1. Safety
2. Preservation
3. Mobility
4. Environment
5. Stewardship
Current Conditions
6. Economic Recovery
  
 
 

A. Fatalities On All Washington Roads

Are traffic fatalities on Washington roads decreasing?

 
 
 

Comments:

 

 

Fatalities in 2008 are preliminary and subject to change as more information becomes available. A traffic fatality in FARS is someone who dies within 30 days of a crash as a result of injuries sustained in that crash, which must involve at least one motor vehicle on a trafficway customarily open to the public. FARS records information on over 100 different coded data elements that characterize the crash, the vehicle, and the people involved. The Washington State FARS team consists of two analysts located at the WTSC.

Extended Analysis: Yes
Action Plan: Yes

 Summary Analysis

  • Washington's 2008 traffic fatality rate was 0.94 fatalities per 100 million vehicle-miles traveled--our state's lowest ever.
  • Fatalities in 2009 continue to decrease. As of August 15, Washington reports 267 all-road fatalities in 2009 compared to 287 at the same time point in 2008, and 343 at the same time point in 2007. 

 

  • Travel: While statewide miles traveled on Washington roads decreased by 2.7% compared to 2007, there was an even greater decrease in the number of fatalities. Statewide fatalities decreased by 8.6% -- from 571 in 2007 to 522 in 2008.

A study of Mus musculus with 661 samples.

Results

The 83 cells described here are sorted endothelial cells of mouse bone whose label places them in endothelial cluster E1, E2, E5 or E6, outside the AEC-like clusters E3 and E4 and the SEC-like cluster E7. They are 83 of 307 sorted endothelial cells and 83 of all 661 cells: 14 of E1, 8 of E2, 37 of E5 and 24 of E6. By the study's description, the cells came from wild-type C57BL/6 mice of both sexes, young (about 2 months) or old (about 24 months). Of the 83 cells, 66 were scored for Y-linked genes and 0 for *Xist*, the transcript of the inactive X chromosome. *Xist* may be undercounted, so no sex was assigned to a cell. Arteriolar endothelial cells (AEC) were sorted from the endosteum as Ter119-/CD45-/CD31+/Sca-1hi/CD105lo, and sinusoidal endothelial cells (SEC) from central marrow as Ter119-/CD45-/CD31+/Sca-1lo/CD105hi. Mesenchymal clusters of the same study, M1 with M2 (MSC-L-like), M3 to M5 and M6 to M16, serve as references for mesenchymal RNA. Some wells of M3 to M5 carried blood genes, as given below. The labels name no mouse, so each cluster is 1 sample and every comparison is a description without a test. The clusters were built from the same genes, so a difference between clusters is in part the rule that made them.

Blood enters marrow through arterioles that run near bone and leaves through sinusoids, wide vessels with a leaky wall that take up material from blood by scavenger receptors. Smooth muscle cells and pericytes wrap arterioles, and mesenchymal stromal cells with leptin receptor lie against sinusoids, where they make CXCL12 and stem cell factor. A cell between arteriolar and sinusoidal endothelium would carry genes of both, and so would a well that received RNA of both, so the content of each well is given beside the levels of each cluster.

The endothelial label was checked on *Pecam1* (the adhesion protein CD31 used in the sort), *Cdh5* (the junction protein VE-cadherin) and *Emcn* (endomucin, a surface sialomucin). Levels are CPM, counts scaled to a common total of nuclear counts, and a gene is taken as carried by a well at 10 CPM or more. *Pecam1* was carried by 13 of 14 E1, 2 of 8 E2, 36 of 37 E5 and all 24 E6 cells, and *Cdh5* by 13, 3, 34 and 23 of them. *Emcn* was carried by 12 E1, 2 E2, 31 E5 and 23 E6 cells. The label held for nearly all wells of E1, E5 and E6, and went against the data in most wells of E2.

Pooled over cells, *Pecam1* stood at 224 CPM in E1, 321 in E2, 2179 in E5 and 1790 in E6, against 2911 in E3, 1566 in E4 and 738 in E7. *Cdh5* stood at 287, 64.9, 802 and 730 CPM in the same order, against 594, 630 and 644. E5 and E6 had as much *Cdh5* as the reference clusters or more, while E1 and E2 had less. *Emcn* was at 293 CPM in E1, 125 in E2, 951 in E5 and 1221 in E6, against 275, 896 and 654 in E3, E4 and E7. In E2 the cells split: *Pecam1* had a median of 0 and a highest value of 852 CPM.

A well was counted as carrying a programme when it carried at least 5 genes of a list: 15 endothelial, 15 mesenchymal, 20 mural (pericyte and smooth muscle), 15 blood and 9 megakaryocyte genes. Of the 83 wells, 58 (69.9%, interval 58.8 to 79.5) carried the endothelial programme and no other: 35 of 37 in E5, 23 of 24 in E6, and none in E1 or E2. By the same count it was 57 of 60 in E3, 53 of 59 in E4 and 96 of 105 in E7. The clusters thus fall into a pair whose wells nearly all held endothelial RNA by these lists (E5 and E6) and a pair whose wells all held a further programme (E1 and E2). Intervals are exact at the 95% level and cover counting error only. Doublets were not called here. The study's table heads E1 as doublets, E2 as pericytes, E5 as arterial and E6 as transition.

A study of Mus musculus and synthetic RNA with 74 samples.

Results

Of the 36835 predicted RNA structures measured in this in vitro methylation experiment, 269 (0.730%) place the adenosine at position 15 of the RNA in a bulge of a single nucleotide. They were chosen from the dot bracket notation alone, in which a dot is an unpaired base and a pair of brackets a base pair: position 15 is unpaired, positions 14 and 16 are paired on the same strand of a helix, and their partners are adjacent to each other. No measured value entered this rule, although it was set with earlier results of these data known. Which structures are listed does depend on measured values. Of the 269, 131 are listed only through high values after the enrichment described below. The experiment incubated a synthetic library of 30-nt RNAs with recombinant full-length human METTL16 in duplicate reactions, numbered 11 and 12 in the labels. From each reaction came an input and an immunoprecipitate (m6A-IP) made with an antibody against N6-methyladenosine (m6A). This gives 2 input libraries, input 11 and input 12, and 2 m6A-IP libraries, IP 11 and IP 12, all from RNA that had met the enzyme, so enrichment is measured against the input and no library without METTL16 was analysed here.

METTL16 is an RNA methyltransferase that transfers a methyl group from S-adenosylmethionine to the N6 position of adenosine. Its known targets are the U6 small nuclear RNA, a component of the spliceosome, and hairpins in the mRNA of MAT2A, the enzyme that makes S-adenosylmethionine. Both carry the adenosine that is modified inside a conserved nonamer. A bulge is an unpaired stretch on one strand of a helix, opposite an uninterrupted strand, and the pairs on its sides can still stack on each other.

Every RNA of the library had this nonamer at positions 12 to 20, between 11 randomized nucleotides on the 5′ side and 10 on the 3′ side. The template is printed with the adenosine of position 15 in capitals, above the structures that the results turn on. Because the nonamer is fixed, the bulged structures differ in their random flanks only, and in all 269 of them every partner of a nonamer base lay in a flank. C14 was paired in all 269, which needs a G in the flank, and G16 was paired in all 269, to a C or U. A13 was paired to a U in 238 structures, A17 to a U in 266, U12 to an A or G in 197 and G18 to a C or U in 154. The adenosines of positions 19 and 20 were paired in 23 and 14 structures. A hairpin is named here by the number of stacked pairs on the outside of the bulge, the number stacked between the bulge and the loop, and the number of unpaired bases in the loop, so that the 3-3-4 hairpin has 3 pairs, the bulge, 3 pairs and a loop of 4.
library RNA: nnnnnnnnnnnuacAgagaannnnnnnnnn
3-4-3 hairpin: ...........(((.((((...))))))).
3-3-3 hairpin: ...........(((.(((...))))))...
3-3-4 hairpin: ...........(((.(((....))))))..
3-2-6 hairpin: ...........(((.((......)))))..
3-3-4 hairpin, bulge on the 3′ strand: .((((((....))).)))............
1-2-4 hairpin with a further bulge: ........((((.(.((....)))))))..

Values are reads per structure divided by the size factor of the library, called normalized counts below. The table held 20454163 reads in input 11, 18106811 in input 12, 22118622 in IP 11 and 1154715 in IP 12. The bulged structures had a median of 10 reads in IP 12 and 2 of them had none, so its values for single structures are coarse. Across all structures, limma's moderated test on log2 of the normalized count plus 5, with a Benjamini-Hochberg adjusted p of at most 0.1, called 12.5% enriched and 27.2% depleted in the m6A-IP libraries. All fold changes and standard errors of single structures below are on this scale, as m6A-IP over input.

• Enforcement: The top-three enforcement priorities of Washington's state and local law enforcement community are impaired driving, speeding, and occupant protection.  Recent declines in impaired driver-involved, speeding driver-involved and unrestrained vehicle occupant fatalities continued in 2008.  Impaired driver-involved fatalities dropped by 7.7% (from 272 in 2007 to 251 in 2008), and speeding driver-involved fatalities dropped by 6.2% (from 227 in 2007 to 213 in 2008).  Likewise, the number of unrestrained passenger vehicle occupant fatalities decreased by 15.3% (from 150 in 2007 to 127 in 2008).
  • Highway Safety Projects: Centerline rumble strips and cable median barriers reduced high severity crossover collisions. In locations where centerline rumble strips were installed from 2002 to 2008, WSDOT reports a 57% decrease in the rates of serious injury and fatal crossover collisions. Cable median barrier, installed through 2008, reduced the number of fatal and serious injury collisions by 48%.